Volkswagen cars are on display at Cable Volkswagen in Oklahoma City.
Brent Fuchs
The Journal Record
Volkswagen cars are on display at Cable Volkswagen in Oklahoma City.

Volkswagen’s $15 billion settlement of lawsuit into allegations it cheated emissions tests, which spurred a national investigation, won’t include Oklahoma.

Attorney General Scott Pruitt filed his own lawsuit just two weeks before Volkswagen announced the settlement. The consumer protection complaint that will be heard in Oklahoma County isn’t part of the class action lawsuit, or 44-state investigation of the German automaker, The Journal Record’s Dale Denwalt reports:

Oklahoma is asking for $7.71 million in penalties for the 3,855 registered and offending vehicles in the state, and another $10,000 per violation of state law. The lawsuit also asks the court to reimburse the state for research and investigation expenses, plus attorney fees. According to the lawsuit, Volkswagen deceived Oklahoma customers by promising low-emission diesel engines that were still powerful cars.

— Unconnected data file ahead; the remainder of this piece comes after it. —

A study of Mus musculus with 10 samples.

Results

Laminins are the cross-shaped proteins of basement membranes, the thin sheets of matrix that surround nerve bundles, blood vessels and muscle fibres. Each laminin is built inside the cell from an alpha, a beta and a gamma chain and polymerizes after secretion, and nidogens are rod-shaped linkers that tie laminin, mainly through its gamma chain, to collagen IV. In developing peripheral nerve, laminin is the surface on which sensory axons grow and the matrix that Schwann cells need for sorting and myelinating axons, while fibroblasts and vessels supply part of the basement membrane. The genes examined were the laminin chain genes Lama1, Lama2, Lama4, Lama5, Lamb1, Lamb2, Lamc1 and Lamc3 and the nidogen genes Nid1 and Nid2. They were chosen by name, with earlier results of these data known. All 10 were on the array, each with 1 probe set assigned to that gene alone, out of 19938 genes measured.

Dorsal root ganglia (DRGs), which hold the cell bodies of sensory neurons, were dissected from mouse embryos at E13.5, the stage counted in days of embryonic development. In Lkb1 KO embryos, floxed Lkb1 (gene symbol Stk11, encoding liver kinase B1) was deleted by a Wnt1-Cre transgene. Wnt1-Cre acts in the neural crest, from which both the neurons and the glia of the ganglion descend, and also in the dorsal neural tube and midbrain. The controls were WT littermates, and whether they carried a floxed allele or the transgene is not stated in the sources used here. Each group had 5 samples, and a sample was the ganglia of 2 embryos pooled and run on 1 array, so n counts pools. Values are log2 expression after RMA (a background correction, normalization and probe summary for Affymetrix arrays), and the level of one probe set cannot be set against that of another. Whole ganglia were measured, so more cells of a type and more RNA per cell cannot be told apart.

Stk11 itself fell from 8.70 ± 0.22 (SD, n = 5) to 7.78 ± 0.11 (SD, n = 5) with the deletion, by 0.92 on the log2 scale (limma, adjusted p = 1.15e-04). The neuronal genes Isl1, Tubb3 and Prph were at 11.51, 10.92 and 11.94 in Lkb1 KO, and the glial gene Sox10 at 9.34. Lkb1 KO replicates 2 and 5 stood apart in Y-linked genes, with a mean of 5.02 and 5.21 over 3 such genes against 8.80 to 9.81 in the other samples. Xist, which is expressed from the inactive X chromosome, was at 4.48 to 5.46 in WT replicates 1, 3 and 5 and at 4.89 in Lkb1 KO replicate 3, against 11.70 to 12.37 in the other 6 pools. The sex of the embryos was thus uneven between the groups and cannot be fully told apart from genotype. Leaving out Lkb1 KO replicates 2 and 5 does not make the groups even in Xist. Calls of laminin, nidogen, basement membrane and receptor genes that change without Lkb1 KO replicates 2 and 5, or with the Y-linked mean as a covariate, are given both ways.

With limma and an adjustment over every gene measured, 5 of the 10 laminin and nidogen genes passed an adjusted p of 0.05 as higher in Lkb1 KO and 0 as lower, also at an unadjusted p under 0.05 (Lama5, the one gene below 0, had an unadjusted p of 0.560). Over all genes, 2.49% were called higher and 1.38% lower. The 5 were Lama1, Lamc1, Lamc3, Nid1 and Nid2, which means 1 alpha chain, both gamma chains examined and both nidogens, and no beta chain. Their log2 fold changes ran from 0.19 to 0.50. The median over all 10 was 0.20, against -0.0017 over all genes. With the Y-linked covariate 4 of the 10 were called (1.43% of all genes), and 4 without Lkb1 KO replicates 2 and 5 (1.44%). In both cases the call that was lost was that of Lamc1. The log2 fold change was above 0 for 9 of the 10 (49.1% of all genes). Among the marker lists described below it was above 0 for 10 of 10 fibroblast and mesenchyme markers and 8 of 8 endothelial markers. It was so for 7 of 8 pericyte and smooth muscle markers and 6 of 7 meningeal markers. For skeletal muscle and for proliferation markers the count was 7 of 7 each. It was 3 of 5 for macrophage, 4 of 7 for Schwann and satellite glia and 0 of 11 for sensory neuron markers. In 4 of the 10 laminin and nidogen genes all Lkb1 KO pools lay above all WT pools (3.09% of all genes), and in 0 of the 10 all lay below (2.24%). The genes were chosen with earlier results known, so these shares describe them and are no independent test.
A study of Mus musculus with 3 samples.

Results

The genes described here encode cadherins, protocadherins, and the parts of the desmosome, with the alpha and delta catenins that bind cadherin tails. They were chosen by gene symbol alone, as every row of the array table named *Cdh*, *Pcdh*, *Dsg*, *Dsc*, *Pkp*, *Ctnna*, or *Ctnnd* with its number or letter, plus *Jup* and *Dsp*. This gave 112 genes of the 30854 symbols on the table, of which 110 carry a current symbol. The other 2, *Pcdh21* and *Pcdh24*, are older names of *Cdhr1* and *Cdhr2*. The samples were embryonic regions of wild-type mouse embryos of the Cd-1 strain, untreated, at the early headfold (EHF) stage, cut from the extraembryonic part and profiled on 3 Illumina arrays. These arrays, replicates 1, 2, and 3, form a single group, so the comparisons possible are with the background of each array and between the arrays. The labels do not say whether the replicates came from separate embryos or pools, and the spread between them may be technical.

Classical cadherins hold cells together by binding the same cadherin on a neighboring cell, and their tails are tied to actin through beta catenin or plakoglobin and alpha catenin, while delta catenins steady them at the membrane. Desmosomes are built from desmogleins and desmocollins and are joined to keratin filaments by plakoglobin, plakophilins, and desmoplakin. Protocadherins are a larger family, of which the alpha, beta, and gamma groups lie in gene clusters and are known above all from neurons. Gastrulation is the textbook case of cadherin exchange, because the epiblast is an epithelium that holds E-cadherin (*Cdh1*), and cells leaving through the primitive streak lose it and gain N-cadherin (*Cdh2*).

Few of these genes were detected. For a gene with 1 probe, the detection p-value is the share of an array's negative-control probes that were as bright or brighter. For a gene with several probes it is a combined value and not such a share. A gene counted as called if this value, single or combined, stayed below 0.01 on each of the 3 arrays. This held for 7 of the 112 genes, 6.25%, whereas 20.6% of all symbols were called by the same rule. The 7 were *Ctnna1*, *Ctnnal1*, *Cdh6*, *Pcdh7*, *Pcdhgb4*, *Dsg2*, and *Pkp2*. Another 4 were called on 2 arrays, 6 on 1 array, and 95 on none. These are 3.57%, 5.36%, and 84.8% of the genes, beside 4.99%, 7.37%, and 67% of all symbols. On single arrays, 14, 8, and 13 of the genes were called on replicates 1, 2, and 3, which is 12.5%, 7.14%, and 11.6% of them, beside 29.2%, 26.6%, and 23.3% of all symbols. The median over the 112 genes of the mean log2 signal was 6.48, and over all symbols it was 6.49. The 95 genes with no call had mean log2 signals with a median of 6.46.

By passing on the settlement, Oklahoma is taking a chance that it could win better terms individually. A similar state who signed on to the settlement got $3.5 million. The AG’s office said Wednesday that Oklahoma’s lawsuit is the best way to make sure Volkswagen complies with state laws.

From Denwalt:

According to documents filed in Oklahoma County District Court, Volkswagen equipped several VW, Porsche and Audi diesel-powered vehicles with software that performed differently during emissions tests. During the testing phase, the vehicles met federal standards. “But when the vehicles operated under real-world driving conditions, the emissions control systems effectively disengaged, causing the vehicles to spew pollution … at as much as 40 times the thresholds allowed by U.S. emissions standards,” Pruitt argued.

Residents who bought the affected vehicles can still participate in the settlement through the buyback or lease termination programs. If Pruitt changes his mind, he has a month to sign on to the settlement. Volkswagen hasn’t replied to the local lawsuit yet.

Oklahoma has snubbed massive settlements before. In 2011, Oklahoma was the only state that didn’t participate in a national settlement agreement with housing lenders accused of unfair mortgage practices. Pruitt boasted that Oklahoma’s individual settlement brought in more money for residents, and more quickly.